Within the last few weeks, I’ve heard reports of renewal bubbling up in a couple of churches in the southeastern U.S. (I hesitate to use the term “revival”, because right now, the people who are experiencing this particular nearness of God here are primarily Christians. In my head, “revival” is something that explodes out of the four walls of the church and impacts society.) I saw some video of a service at one of these churches, and before I even knew the source or location, I exclaimed, “That’s what I want.” It’s probably more accurate to say, “That’s what I need.”
We’ve been in a couple of churches where renewal swept through the place like a tidal wave; heaven touched earth in an unforgettable way. People spontaneously began confessing their hidden sins, deliverance and healing (both internal and physical) happened, people came to faith in Christ, and many others discovered for the first time that their faith was far more than assent to the words on a page. Their faith went 3-D.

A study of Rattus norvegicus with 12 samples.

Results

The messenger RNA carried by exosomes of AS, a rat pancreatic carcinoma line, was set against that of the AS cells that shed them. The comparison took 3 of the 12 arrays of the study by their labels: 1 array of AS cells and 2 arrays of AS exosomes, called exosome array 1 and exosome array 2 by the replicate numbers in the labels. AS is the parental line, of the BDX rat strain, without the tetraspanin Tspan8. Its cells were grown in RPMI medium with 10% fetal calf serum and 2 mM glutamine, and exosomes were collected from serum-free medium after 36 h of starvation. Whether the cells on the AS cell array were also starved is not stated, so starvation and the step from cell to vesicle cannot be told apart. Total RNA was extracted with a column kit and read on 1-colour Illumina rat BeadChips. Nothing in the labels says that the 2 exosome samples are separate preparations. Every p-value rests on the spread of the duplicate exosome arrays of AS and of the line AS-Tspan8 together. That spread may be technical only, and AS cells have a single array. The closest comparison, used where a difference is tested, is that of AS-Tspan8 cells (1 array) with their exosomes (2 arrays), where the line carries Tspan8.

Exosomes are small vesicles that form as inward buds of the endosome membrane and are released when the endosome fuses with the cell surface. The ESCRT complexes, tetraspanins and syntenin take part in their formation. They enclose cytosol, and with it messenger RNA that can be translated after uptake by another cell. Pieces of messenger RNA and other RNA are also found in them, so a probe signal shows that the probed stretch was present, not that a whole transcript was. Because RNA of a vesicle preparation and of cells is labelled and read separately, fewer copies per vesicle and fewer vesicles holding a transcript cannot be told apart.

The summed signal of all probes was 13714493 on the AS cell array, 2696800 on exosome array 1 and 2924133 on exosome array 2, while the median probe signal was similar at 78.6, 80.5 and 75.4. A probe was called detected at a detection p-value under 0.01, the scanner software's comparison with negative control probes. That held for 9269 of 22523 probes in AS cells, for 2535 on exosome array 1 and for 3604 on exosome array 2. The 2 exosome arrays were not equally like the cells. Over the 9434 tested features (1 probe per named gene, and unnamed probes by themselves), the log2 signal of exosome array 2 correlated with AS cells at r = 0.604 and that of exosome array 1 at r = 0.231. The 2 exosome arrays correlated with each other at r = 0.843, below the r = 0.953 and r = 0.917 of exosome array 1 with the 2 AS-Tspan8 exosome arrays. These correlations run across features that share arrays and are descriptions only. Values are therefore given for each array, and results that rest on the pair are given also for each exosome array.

There are some who call these hot spots of renewal nothing more than emotionalism and hokum. And yup, in some cases, the nay-sayers may be right. But in other cases, particularly in places in the non-Western world, God is moving in a very present, signs-and-wonders kind of way. And His presence messes people up, undoes them, strips them of their usual masks and performance tendencies.
The challenge is what happens after the renewal receeds. The human tendency is to want to build a tabernacle to make a home for the Presence, to try to hang on to the experience, to memorialize and institutionalize it, to be able to give others a mailing address to come and experience their own renewal. Church history, both distant past and very recent, tells this story to us again and again.
I can’t begin to explain why God comes in this particular way to a body of believers. But I do know that the burning sweetness of his Presence, and the aching sadness as He moves away holds the temptations of (a)”return-to-status quo” (albeit with maybe some new music), (b) cleaning up the mess that comes when not everyone gets it right and (c) and institutionalism. He isn’t asking us to stay on the mountain, but to pursue Him with the single-mindedness and passion we see described in the Song of Solomon.
No matter how you feel about these renewal movements, I am urging you as a member of the body of Christ to pray for these churches today. Pray that they will be able to remain faithful.
Have you ever been in a church that’s experienced renewal? What has your experience been?